Form and Content

“Compass rose” is a cartographic term, referring to a visual device which is an aid to navigation and a help to travelers. Found on maps, the rose is a circle divided into thirty-two points, the longest of which aims toward true, or magnetic, north, while the others determine the points of the compass. In many maps, especially those from earlier times, the compass rose is often elaborately ornamented with fantastic designs, making it both pleasing and useful. Yet above all else, it determines direction.

Evan Connell’s choice of title was apt, for Points for a Compass Rose is built upon the structure of a voyage of discovery and exploration. In Connell’s case, however, while the voyage is both external and internal, it is primarily within the hearts and minds of human beings, and the discoveries are the heights of nobility and the depths of baseness to which human ability can reach.

Points for a Compass Rose is classified as poetry only for want of a more precise term. In fact, it is a book which does not fit in any established genre, and to call it poetry is misleading. In form, the text has the look of free verse, but Connell’s lines lack the rhythmic signature and the economy of expression that distinguish poetry (even the freest free verse) from prose. In its organization, however, the book resembles many a modern poem, shifting rapidly from subject to subject. It is given unity by certain recurring themes and...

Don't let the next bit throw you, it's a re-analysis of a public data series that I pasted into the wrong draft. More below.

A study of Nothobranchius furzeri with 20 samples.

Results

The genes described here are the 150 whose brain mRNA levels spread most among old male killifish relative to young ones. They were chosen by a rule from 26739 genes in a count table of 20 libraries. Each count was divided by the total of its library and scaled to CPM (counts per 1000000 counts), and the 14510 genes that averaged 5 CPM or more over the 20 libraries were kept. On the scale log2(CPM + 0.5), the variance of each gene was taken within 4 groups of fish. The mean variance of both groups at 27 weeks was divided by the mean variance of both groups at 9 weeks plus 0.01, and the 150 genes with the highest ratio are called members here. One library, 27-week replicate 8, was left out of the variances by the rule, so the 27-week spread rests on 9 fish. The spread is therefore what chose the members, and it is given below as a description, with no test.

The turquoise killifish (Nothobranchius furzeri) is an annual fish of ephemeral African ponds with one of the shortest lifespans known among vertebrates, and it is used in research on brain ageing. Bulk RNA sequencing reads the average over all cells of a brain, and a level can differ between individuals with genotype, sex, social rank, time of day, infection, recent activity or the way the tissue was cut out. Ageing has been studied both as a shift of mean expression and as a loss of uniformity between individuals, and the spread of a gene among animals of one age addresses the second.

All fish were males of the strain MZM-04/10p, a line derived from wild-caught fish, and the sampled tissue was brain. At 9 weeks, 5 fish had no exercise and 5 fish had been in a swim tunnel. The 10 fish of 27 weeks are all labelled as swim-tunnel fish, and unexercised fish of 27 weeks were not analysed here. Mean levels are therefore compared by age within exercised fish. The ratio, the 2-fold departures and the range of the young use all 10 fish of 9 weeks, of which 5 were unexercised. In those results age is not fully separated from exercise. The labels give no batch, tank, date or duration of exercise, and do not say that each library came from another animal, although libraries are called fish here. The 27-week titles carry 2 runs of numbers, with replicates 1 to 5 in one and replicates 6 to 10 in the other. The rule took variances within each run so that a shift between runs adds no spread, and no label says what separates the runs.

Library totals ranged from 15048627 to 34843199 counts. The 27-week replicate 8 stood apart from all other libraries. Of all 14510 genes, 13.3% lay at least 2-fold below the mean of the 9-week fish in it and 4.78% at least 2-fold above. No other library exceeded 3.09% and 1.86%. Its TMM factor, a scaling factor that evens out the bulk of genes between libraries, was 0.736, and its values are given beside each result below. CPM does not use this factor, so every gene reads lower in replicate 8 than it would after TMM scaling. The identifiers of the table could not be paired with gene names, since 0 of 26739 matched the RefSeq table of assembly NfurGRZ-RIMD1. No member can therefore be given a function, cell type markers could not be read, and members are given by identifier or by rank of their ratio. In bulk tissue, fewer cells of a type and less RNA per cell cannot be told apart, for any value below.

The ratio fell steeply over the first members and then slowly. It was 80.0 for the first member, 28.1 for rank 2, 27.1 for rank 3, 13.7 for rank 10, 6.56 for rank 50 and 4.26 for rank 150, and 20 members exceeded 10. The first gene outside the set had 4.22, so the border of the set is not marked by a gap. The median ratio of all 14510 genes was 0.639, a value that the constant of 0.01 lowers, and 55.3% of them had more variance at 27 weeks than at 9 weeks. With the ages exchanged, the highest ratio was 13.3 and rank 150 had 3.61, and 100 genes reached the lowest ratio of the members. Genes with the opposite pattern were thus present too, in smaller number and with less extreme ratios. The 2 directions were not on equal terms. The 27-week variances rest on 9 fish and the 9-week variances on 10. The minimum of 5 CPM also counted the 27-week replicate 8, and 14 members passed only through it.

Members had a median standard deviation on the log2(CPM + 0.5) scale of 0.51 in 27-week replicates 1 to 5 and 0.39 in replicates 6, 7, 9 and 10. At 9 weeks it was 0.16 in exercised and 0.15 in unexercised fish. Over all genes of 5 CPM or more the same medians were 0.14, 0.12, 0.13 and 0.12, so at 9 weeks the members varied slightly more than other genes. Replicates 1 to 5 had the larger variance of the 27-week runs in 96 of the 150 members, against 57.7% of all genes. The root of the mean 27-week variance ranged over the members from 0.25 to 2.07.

(The entire section is 512 words.)


(Literary Essentials: Nonfiction Masterpieces)

Bach, Bert C. Review in Library Journal. XCVIII (March 15, 1973), p. 874.

Dillard, Annie. “Winter Melons,” in Harper’s Magazine. CCXLVIII (January, 1974), p. 87.

Edwards, T. R. “Surprise, Surprise,” in The New York Review of Books. XX (May 17, 1973), pp. 35-37.

Fahey, James. Review in Best Sellers. XXXIII (June 15, 1973), p. 136.

West, Paul. Review in The New York Times Book Review. LXXVII (April 29, 1973), p. 7.